Slow growth: No clear signs of industrial revival – The Financial Express

Clipped from: https://www.financialexpress.com/economy/slow-growth-no-clear-signs-of-industrial-revival/2368260/

Finance minister Nirmala Sitharaman has said the economy hasn’t so far reached the level where liquidity support could be rolled back by the Reserve Bank of India (RBI). Of course, while retaining the repo rate last month, the RBI raised its inflation forecasts.

While the finance ministry in a recent report saw prospects of a revival of the investment cycle, this was not corroborated by the latest data on industrial production; capital goods output grew only marginally in September.While the finance ministry in a recent report saw prospects of a revival of the investment cycle, this was not corroborated by the latest data on industrial production; capital goods output grew only marginally in September.

Retail inflation inched up to 4.48% in October from a six-month low of 4.35% in September but remained within the central bank’s target band (2-6%) for a fourth straight month, showed official data released on Friday.

The growth in the index of industrial production (IIP) slowed to 3.1% in September from 12% in the previous month, as the impact of the low base waned. But the IIP still turned out to be 5.7% higher than the pre-pandemic (September 2019) level, suggesting industrial activity may be gradually returning to normalcy, though a sustained recovery is still away.

While the finance ministry in a recent report saw prospects of a revival of the investment cycle, this was not corroborated by the latest data on industrial production; capital goods output grew only marginally in September.

The rise in inflation in October, albeit marginal, remained broad-based and pointed at revival of demand ahead of the peak festival season, which may have allowed producers in select sectors to pass on the spurt in input costs. However, given the recent cut in fuel taxes by the Centre and about two dozen states, inflationary pressure is expected to drop in November. This will ease pressure on the central bank for any early liquidity normalisation (in December meeting), and its accommodative stance could continue for a longer time despite external headwinds.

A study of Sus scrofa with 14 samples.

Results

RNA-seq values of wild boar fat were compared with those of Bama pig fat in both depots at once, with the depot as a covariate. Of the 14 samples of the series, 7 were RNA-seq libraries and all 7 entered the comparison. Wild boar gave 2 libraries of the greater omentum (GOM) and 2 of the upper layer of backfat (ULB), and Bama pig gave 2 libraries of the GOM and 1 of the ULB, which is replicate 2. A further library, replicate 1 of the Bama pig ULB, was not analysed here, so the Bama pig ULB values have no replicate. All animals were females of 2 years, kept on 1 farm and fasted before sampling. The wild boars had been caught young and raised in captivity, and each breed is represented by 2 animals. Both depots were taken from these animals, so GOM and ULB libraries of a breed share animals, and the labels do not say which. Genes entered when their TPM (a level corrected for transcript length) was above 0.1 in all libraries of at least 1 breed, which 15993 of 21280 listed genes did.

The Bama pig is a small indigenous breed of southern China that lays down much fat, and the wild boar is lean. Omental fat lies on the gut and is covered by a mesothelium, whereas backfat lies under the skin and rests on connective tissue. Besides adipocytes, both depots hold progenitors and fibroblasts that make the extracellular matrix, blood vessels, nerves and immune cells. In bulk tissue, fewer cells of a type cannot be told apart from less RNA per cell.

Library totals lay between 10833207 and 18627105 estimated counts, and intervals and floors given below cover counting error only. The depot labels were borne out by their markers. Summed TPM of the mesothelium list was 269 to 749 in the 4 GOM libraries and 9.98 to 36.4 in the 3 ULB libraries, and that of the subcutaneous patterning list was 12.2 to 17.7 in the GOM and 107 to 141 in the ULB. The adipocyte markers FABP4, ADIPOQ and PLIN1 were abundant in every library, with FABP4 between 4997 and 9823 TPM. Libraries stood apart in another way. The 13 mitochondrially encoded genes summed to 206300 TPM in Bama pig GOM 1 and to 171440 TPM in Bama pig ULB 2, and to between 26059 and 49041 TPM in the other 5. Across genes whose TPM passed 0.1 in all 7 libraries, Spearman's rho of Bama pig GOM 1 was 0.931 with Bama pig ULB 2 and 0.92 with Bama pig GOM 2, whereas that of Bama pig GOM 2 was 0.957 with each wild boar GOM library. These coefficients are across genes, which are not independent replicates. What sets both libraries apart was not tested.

The global commodity prices, especially of oil, have been on the rise and the US Federal Reserve has signalled its intent to start scaling back its $120 billion-a-month quantitative easing later this year. Interestingly, US inflation hit a 31-year high of 6.2% (much higher than India’s) in October, reflecting rising global commodity prices, persistent supply shortages and strong consumer demand.

Inflation in food products, which make up for about a half of the inflation basket, rose a tad to 0.85% in October from 0.68% in September but fuel and light inflation continued to stay elevated at 14.35%, against 13.63% in the previous month. Core inflation remained sticky at 5.8% in October, against 5.6% in the previous month. The excise duty cut by Rs 5 per litre on petrol and Rs 10 on diesel by the Centre and the reduction in value added taxes by many states in November will likely weigh down indirect price pressure (in transportation, etc) emanating from fuel.

Finance minister Nirmala Sitharaman has said the economy hasn’t so far reached the level where liquidity support could be rolled back by the Reserve Bank of India (RBI). Of course, while retaining the repo rate last month, the RBI raised its inflation forecasts.

Capital goods output grew just 1.6% in September against 19.9% in the previous month. Consumer goods output shrank even ahead of Diwali. While consumer durables output contracted by 2%, non-durables dropped 0.5%.

Barring mining, which grew 8.6% in September, the growth of manufacturing and electricity remained lower than expected at 2.7% and 0.9%, respectively. Heavy remains seem to have impacted industry adversely while chop shortage has hit auto units.

Aditi Nayar, chief economist at Icra, said the direct impact of the reduction in central excise duty on fuel on the November CPI inflation could be about 30-35 basis points, with a somewhat smaller impact of the varied VAT cuts by states.

“As the base effect wears off, and the pressures related to coal, metals and logistics costs come to the fore, we expect the CPI inflation to return to an uncomfortable range of 5.0% to 6.0% in December-March this fiscal,” Nayar said.

DK Pant, chief economist at India Ratings, said both consumer durables and non-durables recorded negative growth in September from a year before. “This shows that despite the onset of the festival season, the industrial output has remained subdued,” he said. However, this appears to be in contrast with the recent retail sales figures reported in the media.